Straight Talk by Baker Kurrus, July 24, 2015

This has been an interesting week.  We are working hard on a number of important tasks that need to be completed before school starts.  We are really trying to put our best foot forward in our schools.  We are planning for a transformational year.

I met with the Civic Advisory Committee last night.   We talked about a lot of things.  I reviewed a process map which we will use in the schools which are set to receive intensive support.  I want to be sure that each educator has a clearly defined role.  Last year we had a lot of folks who were working at the tasks, but I understand that there was some confusion—maybe too many cooks in the kitchen, or perhaps too many recipes being used.  The map is still in draft form.  The Arkansas Department of Education has worked with our team to assist with this process, and with the process map.  Students are at the top of the chart, with teachers just below the students. All of the support personnel are layered in the middle.  The commissioner of education is at the bottom, and I am just above him.   It is a servant leadership model, where everyone on the map serves those above them.   I was explaining the alignment to a group of my colleagues, and I wasn’t getting through to them.  I finally asked the group to imagine that everyone on the chart was in a classroom.  The teacher would be teaching, and the students would be learning.  Those in the middle would be supporting and assisting the teacher.  If a student were to get sick and throw up, the teacher would keep teaching.  I would clean up the floor, and the commissioner would take the student to the school nurse.    Classroom instruction would not be interrupted.  I was not joking.

A real weekly highlight for me occurred at the Dalton Whetstone Boys and Girls Club, which is right off of West 65th Street. This wonderful facility hosts a summer program for kids, many of whom attend LRSD schools.  The place was a beehive of fun activities.  I was there to tape a short testimonial about AR Kids Read, which is a program in many of our schools where adults read with our students.  The program yields real academic results for our students.  Volunteers get to know our staffs and students, and this is also a plus for our district.  The big intangible benefit is that a student gets to know an adult who is caring, committed and concerned about the student.  This alone can be a game-changer.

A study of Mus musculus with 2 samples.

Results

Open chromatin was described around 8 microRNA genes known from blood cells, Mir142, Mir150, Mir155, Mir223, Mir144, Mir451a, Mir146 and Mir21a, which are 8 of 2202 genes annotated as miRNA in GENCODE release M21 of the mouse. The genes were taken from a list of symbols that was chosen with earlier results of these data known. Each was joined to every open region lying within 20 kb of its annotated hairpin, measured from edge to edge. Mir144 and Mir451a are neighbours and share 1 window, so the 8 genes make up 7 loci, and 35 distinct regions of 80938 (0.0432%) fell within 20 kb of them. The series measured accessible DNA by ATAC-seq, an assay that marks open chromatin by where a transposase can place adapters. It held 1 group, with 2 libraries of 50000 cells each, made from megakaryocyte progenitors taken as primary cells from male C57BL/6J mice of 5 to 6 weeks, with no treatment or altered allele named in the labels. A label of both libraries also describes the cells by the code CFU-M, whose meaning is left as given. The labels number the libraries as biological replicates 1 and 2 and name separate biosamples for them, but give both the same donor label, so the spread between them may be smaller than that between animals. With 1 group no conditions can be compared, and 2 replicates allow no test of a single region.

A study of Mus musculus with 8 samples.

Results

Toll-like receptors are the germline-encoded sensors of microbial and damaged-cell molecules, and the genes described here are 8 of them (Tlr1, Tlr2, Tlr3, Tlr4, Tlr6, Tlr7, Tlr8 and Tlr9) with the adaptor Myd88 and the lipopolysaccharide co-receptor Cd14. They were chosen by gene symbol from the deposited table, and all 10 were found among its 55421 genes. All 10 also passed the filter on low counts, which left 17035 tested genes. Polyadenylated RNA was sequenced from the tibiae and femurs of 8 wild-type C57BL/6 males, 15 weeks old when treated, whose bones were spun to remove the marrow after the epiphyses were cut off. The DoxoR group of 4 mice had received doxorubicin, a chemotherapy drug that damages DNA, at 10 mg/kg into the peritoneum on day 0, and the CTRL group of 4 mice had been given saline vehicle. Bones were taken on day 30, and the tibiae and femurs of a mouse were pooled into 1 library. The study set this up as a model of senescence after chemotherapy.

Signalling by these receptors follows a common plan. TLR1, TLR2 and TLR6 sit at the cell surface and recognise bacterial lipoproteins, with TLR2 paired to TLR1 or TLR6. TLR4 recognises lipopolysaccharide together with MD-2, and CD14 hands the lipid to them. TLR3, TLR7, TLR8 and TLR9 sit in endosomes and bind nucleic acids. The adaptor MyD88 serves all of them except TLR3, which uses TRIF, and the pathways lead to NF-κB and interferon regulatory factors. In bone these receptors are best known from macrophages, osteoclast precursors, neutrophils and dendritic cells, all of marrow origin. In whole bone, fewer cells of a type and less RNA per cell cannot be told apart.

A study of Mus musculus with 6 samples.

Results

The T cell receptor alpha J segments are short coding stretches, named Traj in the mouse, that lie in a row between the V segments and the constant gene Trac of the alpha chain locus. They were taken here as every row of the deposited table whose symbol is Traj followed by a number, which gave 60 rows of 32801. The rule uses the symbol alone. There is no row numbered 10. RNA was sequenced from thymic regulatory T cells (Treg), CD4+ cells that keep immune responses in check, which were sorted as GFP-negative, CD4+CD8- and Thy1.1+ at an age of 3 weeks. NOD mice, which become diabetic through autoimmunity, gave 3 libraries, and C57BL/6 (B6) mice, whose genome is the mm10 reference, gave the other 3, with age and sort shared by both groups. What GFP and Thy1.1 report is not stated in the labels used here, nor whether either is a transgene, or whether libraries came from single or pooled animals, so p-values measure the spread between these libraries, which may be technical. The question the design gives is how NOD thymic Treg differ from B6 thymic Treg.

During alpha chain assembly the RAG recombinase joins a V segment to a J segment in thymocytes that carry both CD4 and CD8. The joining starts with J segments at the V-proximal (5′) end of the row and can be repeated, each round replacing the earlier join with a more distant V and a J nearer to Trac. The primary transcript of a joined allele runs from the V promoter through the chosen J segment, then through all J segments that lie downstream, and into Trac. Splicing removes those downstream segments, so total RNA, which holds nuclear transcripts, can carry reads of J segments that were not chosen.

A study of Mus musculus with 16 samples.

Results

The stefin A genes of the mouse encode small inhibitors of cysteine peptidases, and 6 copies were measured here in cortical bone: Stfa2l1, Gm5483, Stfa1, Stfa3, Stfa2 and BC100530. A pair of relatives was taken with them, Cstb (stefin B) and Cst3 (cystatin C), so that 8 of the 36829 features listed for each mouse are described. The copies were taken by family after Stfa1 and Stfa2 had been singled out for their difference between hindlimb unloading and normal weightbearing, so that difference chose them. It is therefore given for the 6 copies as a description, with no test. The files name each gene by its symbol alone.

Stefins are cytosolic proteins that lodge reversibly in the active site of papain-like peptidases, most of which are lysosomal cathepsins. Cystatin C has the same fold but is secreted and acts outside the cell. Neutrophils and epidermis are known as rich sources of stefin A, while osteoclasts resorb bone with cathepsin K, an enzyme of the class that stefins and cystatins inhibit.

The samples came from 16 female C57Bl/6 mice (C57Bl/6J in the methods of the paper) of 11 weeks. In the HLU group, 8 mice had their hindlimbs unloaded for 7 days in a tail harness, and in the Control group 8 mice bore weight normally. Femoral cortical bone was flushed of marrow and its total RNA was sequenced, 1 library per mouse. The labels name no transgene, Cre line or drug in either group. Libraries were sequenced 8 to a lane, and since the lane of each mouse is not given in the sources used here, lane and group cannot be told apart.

After the taping, I had a chance to read to the Reading Club, which consisted of about 15 or 20 students.  Most are going to Watson Elementary in the fall.   I read The Eye of the Whale, by Jennifer O’Connell.  It is a true story about the rescue of a whale entangled in crab trap ropes.  The whale holds still as divers free her.  She then gently nudges the divers, and looks closely at each, as if to say thank you.  The students sat attentively. We imitated sharks, and sang “whale songs” (think Finding Nemo). 

These kids are precious gifts to our lives, and all we have to do to receive them is be there. I told them that I would visit them this fall.   I told them to be sure and mention that we had met and shared the book.  We decided we would exchange a secret greeting, so that we could be special friends.  I would like to tell you the greeting, but it is a secret.  I will go to Watson after school starts, and we will see if my special buddies remember the secret greeting.  I think they will, don’t you?